This blog post was written by Elizabeth Sibert, a petrologist on Expedition 378. She can be found on Twitter as @elizabethsibert.
As of today, we’ve been on location at IODP Site U1553, bringing up core, for just over a day.
1553 has some fun prime number-related properties, brought to you by a good friend of mine, Scott Kominers:
- 1553 is the sum of three consecutive primes: 509 + 521 + 523 = 1553
- 7n7 and n7n are both prime for n = 1553 (715,537 and 155,371,553 are both prime)
- Its base 9 representation (2,115) is the base 6 representation of a prime (479)
It’s not only U1553 that is prime, either. The historical site that we are drilling next to, Deep Sea Drilling Project (DSDP) Site 277, is also prime! Even better, it was drilled on DSDP Leg 29 (prime) in 1973 (a prime year), making it 47 (prime) years old this year. We think it must be fate.
There’s something oddly poetic about being only able to drill a single site and having it be a prime number. But all this got me thinking… How unique is this situation, really?
There are 245 primes between 1 and 1553, so the likelihood of a site being prime at this point is 245/1553, about 16%. But what are the odds of an expedition having a prime numbered site? What about a cruise with only a single site?
There have been ~288 DSDP/ODP/IODP expeditions since the program’s inception in 1968. This number is a bit fuzzy, since it includes transits, shortened and combined legs, and sites drilled by Mission-Specific Platforms or on the Chikyū, which often look very different from typical JOIDES Resolution or Glomar Challenger (its predecessor) expeditions. All of the platforms have separate numbering systems, with the Glomar Challenger and JR sharing a single set of ascending site numbers. The MSP and Chikyū sites both start over again from 1, which can add to the confusion.
It turns out that within the IODP (and historical) programs, there have been 32 missions which drilled only a single site, 25 of which were drilled on either the JR or the Glomar Challenger. Of those, there were four expeditions that drilled in the same hole, Site 1256 – it’s a lot of work to drill into hard basalt, so they keep going back to drill deeper. Legs 343, 348 and 370 drilled prime numbered sites C0019, C0002, and C0023 respectively, using the Japanese drillship, Chikyū, and a transit leg on the JR, Leg 320T, re-visited just Site U1301 to do some operations, but there was no science party on board, and no collection of data or samples. This gives us, Expedition 378, the unique honor of being the only JR or Glomar Challenger expedition to drill a singular prime numbered site.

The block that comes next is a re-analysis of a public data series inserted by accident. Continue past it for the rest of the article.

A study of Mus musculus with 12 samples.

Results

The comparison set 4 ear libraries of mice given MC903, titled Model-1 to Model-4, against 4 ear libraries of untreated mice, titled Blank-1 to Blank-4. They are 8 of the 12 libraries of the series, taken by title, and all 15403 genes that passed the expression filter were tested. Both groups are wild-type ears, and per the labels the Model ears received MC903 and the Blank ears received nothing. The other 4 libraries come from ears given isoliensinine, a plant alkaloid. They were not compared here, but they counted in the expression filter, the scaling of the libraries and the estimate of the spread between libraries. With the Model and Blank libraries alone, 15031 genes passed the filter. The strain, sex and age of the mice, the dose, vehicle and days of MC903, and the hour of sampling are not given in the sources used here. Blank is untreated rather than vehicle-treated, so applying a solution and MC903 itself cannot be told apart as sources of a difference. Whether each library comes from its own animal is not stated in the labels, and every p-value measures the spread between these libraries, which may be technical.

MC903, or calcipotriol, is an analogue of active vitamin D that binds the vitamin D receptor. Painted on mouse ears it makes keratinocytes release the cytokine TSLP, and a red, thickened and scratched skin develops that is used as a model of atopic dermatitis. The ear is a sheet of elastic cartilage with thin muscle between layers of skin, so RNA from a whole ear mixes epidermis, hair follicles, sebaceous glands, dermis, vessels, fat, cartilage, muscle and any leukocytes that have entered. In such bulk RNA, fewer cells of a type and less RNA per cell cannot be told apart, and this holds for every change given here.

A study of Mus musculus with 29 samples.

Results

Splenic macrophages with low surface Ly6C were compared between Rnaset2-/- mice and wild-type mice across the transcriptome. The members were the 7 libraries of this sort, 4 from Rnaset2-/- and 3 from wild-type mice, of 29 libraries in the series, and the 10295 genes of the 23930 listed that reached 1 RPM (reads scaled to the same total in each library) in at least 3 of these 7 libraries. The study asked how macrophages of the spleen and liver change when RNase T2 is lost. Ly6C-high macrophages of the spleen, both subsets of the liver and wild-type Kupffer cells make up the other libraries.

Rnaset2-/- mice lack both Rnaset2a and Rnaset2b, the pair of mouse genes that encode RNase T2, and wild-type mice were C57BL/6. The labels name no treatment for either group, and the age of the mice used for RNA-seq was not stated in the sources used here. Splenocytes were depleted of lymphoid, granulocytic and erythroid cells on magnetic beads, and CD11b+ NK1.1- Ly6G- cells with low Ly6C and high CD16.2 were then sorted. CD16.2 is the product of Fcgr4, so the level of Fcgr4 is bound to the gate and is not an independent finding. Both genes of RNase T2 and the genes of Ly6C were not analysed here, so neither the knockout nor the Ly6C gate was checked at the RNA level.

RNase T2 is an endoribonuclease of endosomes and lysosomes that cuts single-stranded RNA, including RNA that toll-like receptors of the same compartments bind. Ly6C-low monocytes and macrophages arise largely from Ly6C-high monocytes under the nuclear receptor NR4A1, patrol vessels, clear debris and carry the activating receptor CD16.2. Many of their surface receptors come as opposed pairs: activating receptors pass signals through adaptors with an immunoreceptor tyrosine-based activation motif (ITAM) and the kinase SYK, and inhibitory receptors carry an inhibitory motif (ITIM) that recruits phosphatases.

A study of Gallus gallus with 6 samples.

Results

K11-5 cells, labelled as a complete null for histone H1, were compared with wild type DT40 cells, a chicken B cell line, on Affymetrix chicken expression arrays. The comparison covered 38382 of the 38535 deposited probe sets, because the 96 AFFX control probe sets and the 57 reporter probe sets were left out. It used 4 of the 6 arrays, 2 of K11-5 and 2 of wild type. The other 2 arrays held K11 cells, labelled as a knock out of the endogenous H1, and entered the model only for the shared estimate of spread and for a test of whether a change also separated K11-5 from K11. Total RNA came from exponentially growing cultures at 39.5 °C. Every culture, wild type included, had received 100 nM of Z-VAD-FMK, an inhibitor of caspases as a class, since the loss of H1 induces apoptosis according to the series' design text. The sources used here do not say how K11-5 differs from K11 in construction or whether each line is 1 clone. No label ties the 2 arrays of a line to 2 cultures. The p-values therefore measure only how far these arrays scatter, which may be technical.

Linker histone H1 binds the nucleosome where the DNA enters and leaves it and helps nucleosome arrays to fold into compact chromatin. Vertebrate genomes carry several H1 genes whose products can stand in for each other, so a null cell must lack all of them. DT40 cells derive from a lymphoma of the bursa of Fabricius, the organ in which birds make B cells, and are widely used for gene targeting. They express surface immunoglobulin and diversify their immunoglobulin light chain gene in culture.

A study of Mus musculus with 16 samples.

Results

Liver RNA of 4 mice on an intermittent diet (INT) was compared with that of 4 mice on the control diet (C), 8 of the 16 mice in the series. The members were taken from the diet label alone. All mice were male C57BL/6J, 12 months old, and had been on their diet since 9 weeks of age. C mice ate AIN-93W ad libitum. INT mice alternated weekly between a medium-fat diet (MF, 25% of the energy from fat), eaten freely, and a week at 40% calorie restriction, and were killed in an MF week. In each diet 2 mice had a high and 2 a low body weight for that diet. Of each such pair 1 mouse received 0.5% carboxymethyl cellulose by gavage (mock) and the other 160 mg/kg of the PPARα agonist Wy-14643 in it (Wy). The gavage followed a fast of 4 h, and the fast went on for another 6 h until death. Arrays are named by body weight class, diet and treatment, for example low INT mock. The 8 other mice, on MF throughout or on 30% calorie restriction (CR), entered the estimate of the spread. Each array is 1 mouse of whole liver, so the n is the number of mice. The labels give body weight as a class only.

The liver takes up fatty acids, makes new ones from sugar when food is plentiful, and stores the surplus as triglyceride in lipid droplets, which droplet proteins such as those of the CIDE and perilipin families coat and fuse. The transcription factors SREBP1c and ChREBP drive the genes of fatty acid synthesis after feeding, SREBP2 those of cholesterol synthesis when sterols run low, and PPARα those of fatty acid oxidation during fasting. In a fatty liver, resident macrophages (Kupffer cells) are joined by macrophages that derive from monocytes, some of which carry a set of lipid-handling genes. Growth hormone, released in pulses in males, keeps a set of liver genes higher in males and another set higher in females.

If we’d been able to drill the full expedition as planned, we would’ve had 4 additional sites, meaning that our site numbers would have been U1553 though U1557. U1553 would be the only prime of the lot, not a particularly unique situation – most cruises have 1-2 prime numbered sites. The very first leg of the Deep Sea Drilling Program, Leg 1 has the most prime sites or a Glomar Challenger or JR expedition: Sites 2, 3, 5, and 7. Leg 325, a Mission Specific Platform expedition, drilled a record 6 primes out of a whopping 29 sites: 31, 37, 41, 43, 47, and 53. And Legs 6, 38, and 155 tie for the record for most sites drilled using the Glomar Challenger or JR, at 17 sites each, but they have only 3, 3, and 2 prime numbered sites, respectively. To get to the next prime number on our cruise (1559), we would’ve had to drill 6 additional sites – something that might have happened on the originally scheduled expedition back in 2018. But if we’d sailed on the originally scheduled timeline, our site numbers would’ve been entirely different.
So really, what are the odds of an expedition with a sole, prime-numbered drill site? There are 25 Challenger or JR expeditions out of 265 that drilled only a single site, 9.43% (and if we take out the transit legs it’s just a bit lower, 24/262 = 9.16%). This, together, with the likelihood of a leg being prime, gives us:
(25/265) * (245/1553) = 0.0149
about a 1.5% chance of an expedition on the JR or the Glomar Challenger drilling a single, prime-numbered site. At those odds, there should have had at least 4 expeditions with this property. But we’re actually the first. And that’s pretty special. You might even say it’s prime!
p.s. In my role as a Physical Properties Specialist on the ship, I make a number of measurements on the cores. The first measurement I made after a core was split was something called a p-wave velocity measurement – and wouldn’t you know, p-waves traveled through that part of the core at exactly 1553 m/s.